Some time ago I read a very interesting article written by Matteo Meschiari: Terra Sapiens. Per una preistoria del paesaggio (in Quaderni di Semantica, LVII, 1/2008). You can read the text in Italian here, and the English translation here. The topic of this article is the connection between landscape and prehistoric mind, in the context of Human Ecology. It was here that I first heard about the American ecologist Paul Shepard and his original ideas about the mentality and ideology of prehistoric humans. Needless to say, if we want to understand how human language emerged and evolved during the Paleolithic it is necessary to try to imagine the characteristics of human life and ideology at those early times. I have just read Paul Shepard's Coming Home to the Pleistocene, a book that he finished shortly before his death in 1996 and that was published posthumously in 1998 (you can find more information about the author’s life and works here). In this book, Paul Shepard summarizes some of his ideas about human ecology and the mind of hunter/gatherer societies. It is not only a book written by a scientist, but also the work of a thinker who is concerned with the ecological and social problems of our age, for which he provides interesting insights.
The central idea of this book is that our genetic endowment as humans, our genome, was formed in the Pleistocene, in the context of hunter/gatherer societies and the ecological environment of those times. Therefore, Paul Shepard argues, later developments such as the invention of agriculture and the rise of cities and urban life have detached us from the kind of life and environment that our species was designed for. The misadjustment between human genome and modern urban life can be seen, for example, in the emergence of all kinds of medical and psychological problems that affect our society, and also in the environmental crisis that we have caused throughout millennia of non-ecological existence. Paul Shepard gives many examples of this and insists once and again that the reason behind these phenomena is our detachment from the original adaptive niche of our species.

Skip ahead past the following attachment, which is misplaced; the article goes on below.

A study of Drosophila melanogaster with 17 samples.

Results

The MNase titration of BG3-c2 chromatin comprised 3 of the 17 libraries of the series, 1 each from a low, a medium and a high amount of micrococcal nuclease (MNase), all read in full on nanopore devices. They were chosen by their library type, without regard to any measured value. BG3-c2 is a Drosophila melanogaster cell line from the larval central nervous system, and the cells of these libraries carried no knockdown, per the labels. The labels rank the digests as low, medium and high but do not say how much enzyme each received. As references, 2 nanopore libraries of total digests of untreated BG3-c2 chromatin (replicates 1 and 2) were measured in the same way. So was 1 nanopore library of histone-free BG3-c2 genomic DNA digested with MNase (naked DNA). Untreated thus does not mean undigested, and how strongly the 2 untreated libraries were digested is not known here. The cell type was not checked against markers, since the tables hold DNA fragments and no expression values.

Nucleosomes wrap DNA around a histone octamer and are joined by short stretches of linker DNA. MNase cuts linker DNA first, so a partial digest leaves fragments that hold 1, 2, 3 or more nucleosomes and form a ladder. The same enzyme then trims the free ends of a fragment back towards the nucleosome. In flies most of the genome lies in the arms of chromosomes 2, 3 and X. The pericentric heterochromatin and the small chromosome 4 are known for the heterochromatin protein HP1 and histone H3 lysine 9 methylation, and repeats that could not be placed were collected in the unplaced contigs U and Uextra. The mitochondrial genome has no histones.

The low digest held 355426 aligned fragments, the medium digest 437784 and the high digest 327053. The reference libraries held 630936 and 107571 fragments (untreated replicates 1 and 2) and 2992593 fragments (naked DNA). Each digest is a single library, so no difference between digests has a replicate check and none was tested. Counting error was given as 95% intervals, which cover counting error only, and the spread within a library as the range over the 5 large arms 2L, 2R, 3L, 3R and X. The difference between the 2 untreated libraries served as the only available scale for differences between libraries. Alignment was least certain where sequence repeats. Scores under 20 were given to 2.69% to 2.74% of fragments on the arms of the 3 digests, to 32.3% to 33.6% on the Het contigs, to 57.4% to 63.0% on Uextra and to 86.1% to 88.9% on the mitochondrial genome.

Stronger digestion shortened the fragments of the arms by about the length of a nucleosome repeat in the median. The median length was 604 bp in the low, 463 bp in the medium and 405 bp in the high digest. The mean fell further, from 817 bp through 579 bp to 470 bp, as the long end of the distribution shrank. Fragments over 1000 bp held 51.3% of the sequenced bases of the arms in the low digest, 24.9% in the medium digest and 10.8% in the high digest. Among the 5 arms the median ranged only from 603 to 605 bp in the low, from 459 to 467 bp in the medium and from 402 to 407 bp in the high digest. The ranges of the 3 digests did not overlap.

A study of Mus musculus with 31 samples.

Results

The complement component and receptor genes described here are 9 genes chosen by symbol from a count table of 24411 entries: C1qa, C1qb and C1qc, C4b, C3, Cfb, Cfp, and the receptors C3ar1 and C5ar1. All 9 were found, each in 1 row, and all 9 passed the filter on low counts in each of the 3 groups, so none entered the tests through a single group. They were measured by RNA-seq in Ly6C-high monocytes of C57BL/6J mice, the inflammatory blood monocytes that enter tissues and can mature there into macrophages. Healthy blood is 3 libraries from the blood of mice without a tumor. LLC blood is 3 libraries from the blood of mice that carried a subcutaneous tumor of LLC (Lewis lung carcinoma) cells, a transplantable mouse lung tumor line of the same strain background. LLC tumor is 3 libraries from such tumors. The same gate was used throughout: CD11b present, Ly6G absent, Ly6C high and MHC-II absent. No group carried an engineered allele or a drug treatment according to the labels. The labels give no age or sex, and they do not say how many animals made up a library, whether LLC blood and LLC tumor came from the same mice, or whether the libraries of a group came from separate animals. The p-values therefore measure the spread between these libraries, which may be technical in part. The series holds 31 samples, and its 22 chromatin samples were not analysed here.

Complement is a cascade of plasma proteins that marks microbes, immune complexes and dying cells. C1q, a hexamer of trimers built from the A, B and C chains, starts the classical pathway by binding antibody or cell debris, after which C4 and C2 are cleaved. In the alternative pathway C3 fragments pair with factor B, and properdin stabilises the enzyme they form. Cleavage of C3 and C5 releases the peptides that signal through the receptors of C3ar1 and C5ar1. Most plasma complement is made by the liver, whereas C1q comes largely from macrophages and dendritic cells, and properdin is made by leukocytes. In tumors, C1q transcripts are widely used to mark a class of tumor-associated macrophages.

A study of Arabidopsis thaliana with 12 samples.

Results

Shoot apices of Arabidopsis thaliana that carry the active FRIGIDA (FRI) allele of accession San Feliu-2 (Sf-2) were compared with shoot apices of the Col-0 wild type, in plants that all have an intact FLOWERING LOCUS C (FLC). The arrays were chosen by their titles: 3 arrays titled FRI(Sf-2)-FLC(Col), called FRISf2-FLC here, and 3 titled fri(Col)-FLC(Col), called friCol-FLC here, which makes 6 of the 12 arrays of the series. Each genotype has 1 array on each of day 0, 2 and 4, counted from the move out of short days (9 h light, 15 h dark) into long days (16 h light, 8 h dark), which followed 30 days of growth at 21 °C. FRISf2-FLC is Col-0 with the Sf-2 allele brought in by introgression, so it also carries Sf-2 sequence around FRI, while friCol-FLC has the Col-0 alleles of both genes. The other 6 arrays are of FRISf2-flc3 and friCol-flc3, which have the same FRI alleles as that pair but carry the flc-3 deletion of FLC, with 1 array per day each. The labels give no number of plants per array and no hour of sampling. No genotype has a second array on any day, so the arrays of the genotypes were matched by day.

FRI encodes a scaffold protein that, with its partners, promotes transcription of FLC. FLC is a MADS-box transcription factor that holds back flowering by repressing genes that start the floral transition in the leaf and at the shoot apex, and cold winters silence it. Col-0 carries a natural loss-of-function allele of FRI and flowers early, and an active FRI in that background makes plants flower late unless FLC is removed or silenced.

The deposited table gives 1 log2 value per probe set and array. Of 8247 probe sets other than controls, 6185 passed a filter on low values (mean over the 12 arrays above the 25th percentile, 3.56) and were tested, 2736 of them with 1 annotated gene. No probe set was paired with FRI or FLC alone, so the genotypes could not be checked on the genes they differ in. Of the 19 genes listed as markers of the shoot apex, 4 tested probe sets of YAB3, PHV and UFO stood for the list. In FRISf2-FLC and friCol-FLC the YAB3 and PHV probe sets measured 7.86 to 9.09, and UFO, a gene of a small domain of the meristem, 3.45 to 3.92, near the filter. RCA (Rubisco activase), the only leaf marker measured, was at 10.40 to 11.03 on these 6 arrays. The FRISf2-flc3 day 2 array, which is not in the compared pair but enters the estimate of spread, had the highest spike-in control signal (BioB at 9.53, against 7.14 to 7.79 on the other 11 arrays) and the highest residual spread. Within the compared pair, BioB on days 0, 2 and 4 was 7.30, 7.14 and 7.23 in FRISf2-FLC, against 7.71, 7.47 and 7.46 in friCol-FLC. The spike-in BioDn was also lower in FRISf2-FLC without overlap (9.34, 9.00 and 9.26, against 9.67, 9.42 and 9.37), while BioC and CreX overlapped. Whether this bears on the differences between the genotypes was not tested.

I find his ideas about human ecology really illuminating, in the sense that they help us understand prehistoric society in connection with our own. However, I also see some weak points in his analyses, which are sometimes a bit too speculative and philosophical. For example, I find his chapter about the emergence and expansion of pastoralist societies quite erroneous. He assumes the traditional theory that sees Indo-Europeans as a Late-Neolithic pastoralist group that expanded throughout Europe and Asia in the 3rd millennium BC, and draws many conclusions from it. Unfortunately, Shepard’s opinions are misled by this traditional (and basically wrong) corpus of theories about IE origins; on the other hand, he tries to explain something as complex as the emergence of pastoralist societies in a simplistic ways. In any case, however, it must be said that the weaknesses in the exposition of some of his ideas do not invalidate the main lines of Shepard’s proposals. Possibly, they are in need of further development, and there are some authors, such as Meschiari, who are presently researching in this direction.
Coming Home to the Pleistocene is, on the whole, an appealing book. It touches the heart of our own human existence. Let’s see an example from the text:
(p. 143): “Wildness, pushed to the perimeters of human settlement during most of the ten millennia since the Pleistocene, has now begun to disappear from the earth, taking the world’s otherness of free plants and animals with it. The loss is usually spoken of in terms of ecosystems or the beauty of the world, but for humans, spiritually and psychologically, the true loss is internal. It is our own otherness within.”